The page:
NASA study adds a pinch of salt to El Niño models

Posted: April 8, 2020 by oldbrew in data, ENSO, Forecasting, modelling, Ocean dynamics

Credit: concernusa.org


Accurate ENSO forecasts without salinity data only extend out 4 months, while those with it cover 7 months, researchers believe.

ENSO is an irregular cycle of warm and cold climate events called El Niño and La Niña, says Phys.org.

In normal years, strong easterly trade winds blow from the Americas toward southeast Asia, but in an El Niño year, those winds are reduced and sometimes even reversed.

Warm water that was “piled up” in the western Pacific flows back toward the Americas, changing atmospheric pressure and moisture to produce droughts in Asia and more frequent storms and floods in the Americas.

The reverse pattern is called a La Niña, in which the ocean in the eastern Pacific is cooler than normal.

The team used NASA’s Global Modelling and Assimilation Office (GMAO) Sub-seasonal-To-Seasonal (S2S) coupled ocean/atmosphere forecasting system (GEOS-S2S-2) to model three past ENSO events: The strong 2015 El Niño, the 2017 La Niña and the weak 2018 El Niño.

Pulling from NASA’s Soil Moisture Active Passive (SMAP) mission, the past NASA-CONAE (Argentinian Space Agency) Aquarius mission and the European Space Agency’s Soil Moisture Ocean Salinity (SMOS) mission, they compared the forecast model’s accuracy for each of the three events with and without assimilating SSS data into the models’ initialization.

In other words: One model run’s initial conditions included SSS data, and the other did not.

Adding assimilation of SSS data to the GEOS model helped it to depict the depth and density of the ocean’s top layer more accurately, which led to better representations of large-scale circulation in response to ENSO.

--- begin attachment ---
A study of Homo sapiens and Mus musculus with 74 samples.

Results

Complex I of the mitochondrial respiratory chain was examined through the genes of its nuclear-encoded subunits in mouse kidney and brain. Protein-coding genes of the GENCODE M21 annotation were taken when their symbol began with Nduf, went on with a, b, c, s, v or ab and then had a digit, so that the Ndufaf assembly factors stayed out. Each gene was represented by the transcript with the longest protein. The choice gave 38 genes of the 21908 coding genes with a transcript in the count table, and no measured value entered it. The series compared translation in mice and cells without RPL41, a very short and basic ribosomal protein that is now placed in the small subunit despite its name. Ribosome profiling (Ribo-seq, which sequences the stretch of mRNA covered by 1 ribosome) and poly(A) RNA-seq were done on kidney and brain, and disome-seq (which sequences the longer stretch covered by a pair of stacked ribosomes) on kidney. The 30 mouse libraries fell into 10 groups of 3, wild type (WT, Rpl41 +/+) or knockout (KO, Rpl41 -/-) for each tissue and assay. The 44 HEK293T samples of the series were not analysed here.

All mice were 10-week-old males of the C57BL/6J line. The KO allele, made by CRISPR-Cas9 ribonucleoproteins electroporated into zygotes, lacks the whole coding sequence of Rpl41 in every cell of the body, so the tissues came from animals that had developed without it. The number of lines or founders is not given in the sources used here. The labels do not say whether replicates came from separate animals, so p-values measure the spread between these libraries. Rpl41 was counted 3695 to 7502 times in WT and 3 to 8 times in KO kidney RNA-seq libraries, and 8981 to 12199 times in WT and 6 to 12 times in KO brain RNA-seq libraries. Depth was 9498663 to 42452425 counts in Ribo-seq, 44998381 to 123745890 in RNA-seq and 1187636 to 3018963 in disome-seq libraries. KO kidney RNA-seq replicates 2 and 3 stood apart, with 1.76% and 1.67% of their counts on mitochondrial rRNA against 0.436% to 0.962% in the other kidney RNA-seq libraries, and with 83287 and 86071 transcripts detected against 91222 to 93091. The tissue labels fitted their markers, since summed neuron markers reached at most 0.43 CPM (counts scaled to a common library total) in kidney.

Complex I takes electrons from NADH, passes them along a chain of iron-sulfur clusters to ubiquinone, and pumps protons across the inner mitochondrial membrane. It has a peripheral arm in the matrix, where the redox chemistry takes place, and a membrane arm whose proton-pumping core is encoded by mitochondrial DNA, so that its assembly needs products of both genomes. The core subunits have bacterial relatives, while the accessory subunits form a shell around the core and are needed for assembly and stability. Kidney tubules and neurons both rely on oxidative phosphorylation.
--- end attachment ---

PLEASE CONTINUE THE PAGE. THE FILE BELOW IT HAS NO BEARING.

As a result, the models’ predictions for the three case studies more closely reflected actual observations, compared to what forecasting models predicted at the time.

“In our three case studies, we examined different phases of ENSO,” said Eric Hackert, a research scientist at NASA’s Goddard Space Flight Center in Greenbelt, Maryland and the study’s lead author.

“For the big El Niño in 2015, assimilating the salinity data damped the signal—our original model was overestimating the amplitude of the event. For the other two ENSO events, the forecasts originally predicted the wrong sign: For example, in 2017, the model without salinity data forecasted an El Niño, while the real ocean produced a La Niña. However, for each case we examined, adding satellite salinity to the initialization improved the forecasts.”

The study is one of the first to incorporate SSS data into forecast initialization for a global coupled model of interactions between the ocean, atmosphere, land, aerosols and sea ice. GEOS and other models used to help predict ENSO events do not typically include SSS.

However, ocean surface salinity plays an important role in ocean currents, evaporation and interaction with the atmosphere, and heat transfer from the tropics to the poles. Colder, saltier water is denser and heavier than warmer, fresher water, and the large-scale temperature and precipitation shifts of ENSO events change ocean circulation and interactions between the water and atmosphere.

Both phases of the ENSO cycle affect ecosystems, economies, human health, and wildfire risk—making ENSO forecasts vital for many people around the world, Hackert said.

Full article here.

Comments
  1. Damian Scott says:

    The Mayans recorded this. They watched the stars and when they twinkled more they new that the growing season would be affected.

  2. ren says:

    The subsurface temperature in the equatorial Pacific Ocean is falling.

  3. oldbrew says:

    Nothing for ‘planet on fire’ squealers to salivate over.

  4. Tom Williams says:

    Thank you for yet another brilliant scientific analysis. I can only imagine how much the “man made” climate change cult members will seize on the coronavirus as an excuse for any decrease in temperatures on land or sea. The timing of the prior eruptions (800 years ago) seems to coincide with the onset of the Little Ice Age afterward. The Little Ice Age wasn’t caused by people taking their cars off the road!